World

Arab nations back down from plan to claim Western Wall

Amb. John Bolton sounds off

 

A proposed plan to put the Western Wall -- Judaism’s most sacred site -- under Islamic domain was removed from an Arab coalition-backed motion voted on and passed by a United Nations cultural council on Wednesday.

A source at the Israeli Consulate confirmed to FoxNews.com on Wednesday that a draft decision submitted by six Arab nations had been revised to remove a controversial clause calling for the Western Wall to be recognized as part of the Al Aqsa Mosque structure on Jerusalem’s Temple Mount.

The original UN draft decision was circulated by Algeria, Egypt, Kuwait, Morocco, Tunisia and the United Arab Emirates at the UNESCO meeting in Paris. Palestine is not on the UNESCO Executive Board so it had to have the other Arab nations sponsor the decision.

UNESCO voted on two items on its agenda on Wednesday, including the "Occupied Palestine" draft decision, and both passed.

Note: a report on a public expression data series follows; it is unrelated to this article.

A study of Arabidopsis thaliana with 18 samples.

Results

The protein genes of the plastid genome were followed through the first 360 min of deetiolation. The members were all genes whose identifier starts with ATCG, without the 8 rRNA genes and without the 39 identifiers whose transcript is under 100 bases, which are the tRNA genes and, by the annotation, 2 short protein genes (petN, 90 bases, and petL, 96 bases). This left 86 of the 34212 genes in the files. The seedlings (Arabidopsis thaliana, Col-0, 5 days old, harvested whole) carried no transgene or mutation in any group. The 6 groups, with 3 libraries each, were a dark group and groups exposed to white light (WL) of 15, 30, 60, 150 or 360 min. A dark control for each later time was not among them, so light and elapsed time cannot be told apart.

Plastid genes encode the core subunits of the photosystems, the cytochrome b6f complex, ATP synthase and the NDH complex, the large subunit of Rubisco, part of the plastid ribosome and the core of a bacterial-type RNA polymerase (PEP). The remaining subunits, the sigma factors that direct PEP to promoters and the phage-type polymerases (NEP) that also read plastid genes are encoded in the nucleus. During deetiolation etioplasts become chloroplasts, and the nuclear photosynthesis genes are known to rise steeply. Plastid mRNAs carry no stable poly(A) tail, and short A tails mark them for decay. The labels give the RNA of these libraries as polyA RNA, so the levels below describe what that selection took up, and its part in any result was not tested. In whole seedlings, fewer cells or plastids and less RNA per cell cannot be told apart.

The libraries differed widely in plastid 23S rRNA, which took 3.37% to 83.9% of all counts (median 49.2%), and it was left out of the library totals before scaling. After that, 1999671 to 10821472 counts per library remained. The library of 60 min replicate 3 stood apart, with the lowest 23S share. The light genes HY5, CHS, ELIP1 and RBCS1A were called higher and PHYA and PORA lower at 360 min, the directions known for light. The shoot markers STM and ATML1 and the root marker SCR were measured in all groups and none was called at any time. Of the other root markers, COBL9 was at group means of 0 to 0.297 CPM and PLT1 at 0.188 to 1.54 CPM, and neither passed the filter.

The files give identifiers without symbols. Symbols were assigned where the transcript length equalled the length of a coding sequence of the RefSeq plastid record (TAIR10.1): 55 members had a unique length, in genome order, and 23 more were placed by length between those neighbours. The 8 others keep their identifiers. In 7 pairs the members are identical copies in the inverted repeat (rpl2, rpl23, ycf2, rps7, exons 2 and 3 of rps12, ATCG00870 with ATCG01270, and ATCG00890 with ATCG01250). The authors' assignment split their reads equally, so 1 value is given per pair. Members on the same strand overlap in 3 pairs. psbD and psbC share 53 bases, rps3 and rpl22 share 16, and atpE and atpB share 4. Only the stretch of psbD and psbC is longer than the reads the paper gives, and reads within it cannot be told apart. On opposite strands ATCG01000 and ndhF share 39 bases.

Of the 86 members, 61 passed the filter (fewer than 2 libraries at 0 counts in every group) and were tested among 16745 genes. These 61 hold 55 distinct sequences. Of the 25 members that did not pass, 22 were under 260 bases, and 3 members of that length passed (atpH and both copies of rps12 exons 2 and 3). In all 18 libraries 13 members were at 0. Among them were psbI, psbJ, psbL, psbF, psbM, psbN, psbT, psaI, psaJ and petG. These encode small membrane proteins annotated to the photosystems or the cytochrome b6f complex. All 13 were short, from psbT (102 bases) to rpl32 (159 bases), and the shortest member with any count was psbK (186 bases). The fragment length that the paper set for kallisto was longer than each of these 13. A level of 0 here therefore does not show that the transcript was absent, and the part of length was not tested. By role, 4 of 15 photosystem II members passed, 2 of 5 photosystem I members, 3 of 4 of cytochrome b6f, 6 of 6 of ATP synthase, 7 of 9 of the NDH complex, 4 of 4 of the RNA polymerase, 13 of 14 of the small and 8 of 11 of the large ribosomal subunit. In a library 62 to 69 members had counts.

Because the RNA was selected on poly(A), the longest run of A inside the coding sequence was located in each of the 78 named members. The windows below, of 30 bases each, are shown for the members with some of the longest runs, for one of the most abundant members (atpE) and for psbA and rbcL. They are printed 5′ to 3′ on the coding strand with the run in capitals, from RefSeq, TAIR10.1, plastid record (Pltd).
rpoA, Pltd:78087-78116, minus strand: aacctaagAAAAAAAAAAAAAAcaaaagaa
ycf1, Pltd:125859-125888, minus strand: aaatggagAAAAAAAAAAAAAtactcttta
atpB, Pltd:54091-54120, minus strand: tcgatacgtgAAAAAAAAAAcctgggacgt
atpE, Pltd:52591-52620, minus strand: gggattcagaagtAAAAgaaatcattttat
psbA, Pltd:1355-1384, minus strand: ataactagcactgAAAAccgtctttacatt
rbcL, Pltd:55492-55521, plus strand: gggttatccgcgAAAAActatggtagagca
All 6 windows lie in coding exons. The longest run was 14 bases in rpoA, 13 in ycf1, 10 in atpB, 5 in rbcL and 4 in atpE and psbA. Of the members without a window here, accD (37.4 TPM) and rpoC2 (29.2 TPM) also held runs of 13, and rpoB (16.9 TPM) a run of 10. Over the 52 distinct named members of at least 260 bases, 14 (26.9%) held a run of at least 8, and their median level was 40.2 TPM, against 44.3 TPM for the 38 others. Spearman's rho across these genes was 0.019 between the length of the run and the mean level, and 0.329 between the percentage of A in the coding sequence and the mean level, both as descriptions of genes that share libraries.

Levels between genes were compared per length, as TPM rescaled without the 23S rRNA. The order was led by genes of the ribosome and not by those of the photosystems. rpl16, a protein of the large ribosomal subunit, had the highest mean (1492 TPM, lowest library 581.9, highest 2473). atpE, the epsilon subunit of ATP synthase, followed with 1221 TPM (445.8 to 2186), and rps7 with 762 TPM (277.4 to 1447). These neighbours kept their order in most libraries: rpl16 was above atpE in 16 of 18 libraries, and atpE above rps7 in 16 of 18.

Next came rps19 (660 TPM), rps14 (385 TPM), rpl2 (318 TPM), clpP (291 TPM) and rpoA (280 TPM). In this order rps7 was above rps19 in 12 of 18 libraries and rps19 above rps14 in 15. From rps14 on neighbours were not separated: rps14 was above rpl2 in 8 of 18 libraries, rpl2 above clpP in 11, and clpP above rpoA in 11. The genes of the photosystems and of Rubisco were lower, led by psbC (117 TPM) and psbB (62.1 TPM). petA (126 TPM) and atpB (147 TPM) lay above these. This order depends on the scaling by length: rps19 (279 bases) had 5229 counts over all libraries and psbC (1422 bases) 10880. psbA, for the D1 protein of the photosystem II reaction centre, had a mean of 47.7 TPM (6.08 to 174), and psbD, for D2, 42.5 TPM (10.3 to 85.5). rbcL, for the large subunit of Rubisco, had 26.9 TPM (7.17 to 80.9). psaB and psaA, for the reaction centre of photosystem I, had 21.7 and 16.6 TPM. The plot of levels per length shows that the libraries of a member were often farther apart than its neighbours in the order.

The Western Wall is a remnant of a retaining wall that supported the second Jewish temple. Jews are not permitted to pray on the Temple Mount by rabbinic decree, so the Western Wall is the closest they can venture to their most hallowed grounds.

A vote had initially been expected Tuesday in Paris, but UNESCO Director General Irina Bokova sought to delay it. The Bulgarian diplomat, who could be a candidate for UN Secretary General when the position opens up, issued a statement Tuesday saying she “deplores the recent proposals under discussion by the UNESCO Executive Board that could be seen to alter the status of the Old City of Jerusalem and its Walls, inscribed on UNESCO’s World Heritage list, and that could further incite tensions.”

The UNESCO decision submitted for vote Wednesday, however, reportedly still included provisions reaffirming Palestinian claims to other contested areas. Rachel’s Tomb in Bethlehem and the Tomb of the Patriarchs in Hebron were designated by UNESCO as “integral” parts of “Palestine” in 2010, and the new draft decision would seek to “reaffirm” that label. The majority of the rest of the document blames Israel for past and present violence in the region, while at the same time seeking to strengthen Palestinian claims to disputed territory.

Fox News' Jonathan Wachtel contributed to this report.